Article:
How the Afghan Army Collapsed Under the Taliban’s Pressure
Despite having larger numbers and better equipment than the Taliban, Afghan forces were never strong enough to sustain government control in the absence of U.S. firepower.
A reporter asked U.S. President Joe Biden in July whether a Taliban takeover of Afghanistan was inevitable. “No, it is not,” he said, pointing to the presence of three hundred thousand “well-equipped” Afghan security personnel.
Little more than a month later, the Afghan military completely collapsed. It lost control of much of the country, often without putting up a fight, and allowed the Taliban to take over. Near the end, provincial capitals fell with dizzying rapidity. On August 15, Taliban fighters marched into Kabul.
How did the $83 billion U.S. effort to train and equip the Afghan military go so wrong? Why didn’t the Afghan military fight harder to stop the Taliban?
The answer could be found in Napoleon Bonaparte’s maxim: “In war, the moral is to the physical as ten is to one.” Quite simply, an Afghan military that over the past twenty years had learned to rely on U.S. support for airpower, intelligence, logistics, planning, and other vital enablers was fatally demoralized by the U.S. decision to abandon it. An Afghan special forces officer told the Washington Post that many Afghans saw the troop withdrawal deal that the Donald Trump administration signed with the Taliban in February 2020 as “the end” and that the United States “left [the Afghan military] to fail.” As a result, he said, “Everyone was just looking out for himself.”
It’s possible that Afghan President Ashraf Ghani thought his government would receive a reprieve from President Biden. But in April, Biden announced that the remaining three thousand U.S. troops in Afghanistan would be withdrawn by September 11, 2021. Not only did those troops depart, but so did eight thousand allied troops and eighteen thousand contractors that the Afghan forces relied upon to operate their air force and for logistical support. In recent months, the Afghan military was unable to provide vital supplies such as food and ammunition to outposts scattered around the country. Some Afghan units, particularly the elite commandos, fought hard nearly to the end. But seeing the writing on the wall, most troops chose to cut deals with the Taliban, surrender, or simply melt away rather than risk their lives for a hopeless cause.
U.S. Military Mistakes
The fall of Afghanistan rightly raises serious questions about the mistakes the United States made during its twenty-year effort to train the Afghan military. The U.S. armed forces will need to process lessons learned, and there will need to be a great deal of critical self-examination. The U.S. training effort had many shortcomings, such as deficiencies in language and cultural knowledge and lack of expertise in training police rather than soldiers, which hurt local-level security. In addition, the U.S. effort concentrated too much on teaching tactical infantry skills while neglecting the kind of higher-level expertise in logistics, planning, training, and command and control that is needed to maintain a military force.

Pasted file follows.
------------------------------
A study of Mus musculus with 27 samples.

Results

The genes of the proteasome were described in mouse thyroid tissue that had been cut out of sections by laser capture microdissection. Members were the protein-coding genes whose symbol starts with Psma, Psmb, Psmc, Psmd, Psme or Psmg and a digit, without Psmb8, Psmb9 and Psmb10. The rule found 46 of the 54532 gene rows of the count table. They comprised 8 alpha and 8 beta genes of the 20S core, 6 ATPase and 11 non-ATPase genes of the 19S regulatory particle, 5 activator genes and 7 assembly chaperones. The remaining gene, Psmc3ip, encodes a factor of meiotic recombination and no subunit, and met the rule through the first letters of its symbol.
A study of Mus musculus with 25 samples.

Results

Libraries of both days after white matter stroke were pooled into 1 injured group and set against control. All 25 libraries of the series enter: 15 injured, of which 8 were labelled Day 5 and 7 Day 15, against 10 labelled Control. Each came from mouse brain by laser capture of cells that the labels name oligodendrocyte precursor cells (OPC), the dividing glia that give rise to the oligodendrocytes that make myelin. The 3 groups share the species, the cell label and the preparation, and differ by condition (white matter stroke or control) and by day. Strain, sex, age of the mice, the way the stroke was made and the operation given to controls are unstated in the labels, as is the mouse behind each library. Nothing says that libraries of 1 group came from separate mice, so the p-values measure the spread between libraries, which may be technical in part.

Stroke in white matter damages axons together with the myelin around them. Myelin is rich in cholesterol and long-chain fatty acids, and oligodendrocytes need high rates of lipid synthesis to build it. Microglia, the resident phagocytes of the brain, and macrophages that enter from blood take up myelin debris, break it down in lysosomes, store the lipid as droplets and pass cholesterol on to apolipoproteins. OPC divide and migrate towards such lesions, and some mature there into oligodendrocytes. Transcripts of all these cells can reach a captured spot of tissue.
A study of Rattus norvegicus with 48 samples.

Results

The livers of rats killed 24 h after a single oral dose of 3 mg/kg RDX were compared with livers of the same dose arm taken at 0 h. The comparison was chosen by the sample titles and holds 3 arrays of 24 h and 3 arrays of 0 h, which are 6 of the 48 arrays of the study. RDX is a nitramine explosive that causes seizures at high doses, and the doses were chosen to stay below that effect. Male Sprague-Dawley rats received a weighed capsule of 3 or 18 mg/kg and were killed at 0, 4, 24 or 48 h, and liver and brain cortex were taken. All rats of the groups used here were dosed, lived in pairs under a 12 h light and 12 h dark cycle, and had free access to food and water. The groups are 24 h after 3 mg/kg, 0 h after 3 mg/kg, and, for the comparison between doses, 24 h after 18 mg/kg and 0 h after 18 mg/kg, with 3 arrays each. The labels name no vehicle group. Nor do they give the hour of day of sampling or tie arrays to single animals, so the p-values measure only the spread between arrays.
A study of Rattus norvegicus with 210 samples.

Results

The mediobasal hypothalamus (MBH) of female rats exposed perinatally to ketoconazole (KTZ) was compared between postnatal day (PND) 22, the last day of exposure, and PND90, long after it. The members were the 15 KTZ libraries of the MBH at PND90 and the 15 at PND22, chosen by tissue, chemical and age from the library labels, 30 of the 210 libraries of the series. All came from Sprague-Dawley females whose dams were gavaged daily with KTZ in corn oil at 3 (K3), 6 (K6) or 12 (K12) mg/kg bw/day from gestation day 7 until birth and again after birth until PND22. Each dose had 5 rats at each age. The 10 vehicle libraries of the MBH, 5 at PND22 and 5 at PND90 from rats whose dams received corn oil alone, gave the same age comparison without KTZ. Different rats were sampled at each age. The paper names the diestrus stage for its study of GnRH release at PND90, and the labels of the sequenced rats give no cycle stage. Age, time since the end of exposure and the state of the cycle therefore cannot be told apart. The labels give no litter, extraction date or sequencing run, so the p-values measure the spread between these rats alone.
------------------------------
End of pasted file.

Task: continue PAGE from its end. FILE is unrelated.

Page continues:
The U.S. training effort was also hindered by factors beyond its control, including the lack of education in one of the world’s poorest countries and the pervasiveness of corruption. As a police officer in Kandahar recently told the New York Times, “We are drowning in corruption.”
All of that corruption meant Afghan troop numbers, such as the one cited by Biden, were vastly exaggerated. The Washington Post’s Afghanistan Papers project found that of the 352,000 soldiers and police counted as members of the country’s security forces, only 254,000 could be confirmed by the Afghan government. Commanders not only created “ghost soldiers” to pad their payrolls but also skimmed the pay of serving soldiers and failed to deliver necessary supplies, the Post reported. To a large extent, that corruption was enabled by the United States’ free-spending ways. U.S. attempts to fight corruption were, by contrast, half-hearted and ineffectual.
Who’s to Blame?
Many now criticize the U.S. military for building an Afghan force in its own image—heavily reliant on airpower and technology that the Afghans could not maintain by themselves. The criticism has some validity, but there is a logic to the U.S. approach: The Afghan forces were far too small to defend a far-flung nation of thirty-eight million people, and no U.S. administration wanted to fund a larger force. There was no way to maintain a security-force presence across such a vast country without supplying outposts by air. Once U.S. troops and contractors abruptly pulled out, the Afghans simply lost the ability to keep their military machine functioning, and the military disintegrated.
Although it’s easy to blame Afghan troops for not fighting harder, it’s important to remember that more than sixty thousand Afghan security-force members were killed in the past twenty years—that’s twenty-seven times more than U.S. fatalities in the war. While some three thousand U.S. advisors remained in the country, the Afghan military still controlled every city. It was the U.S. pullout that brutally exposed the shortcomings of the Afghan forces and precipitated the military’s collapse.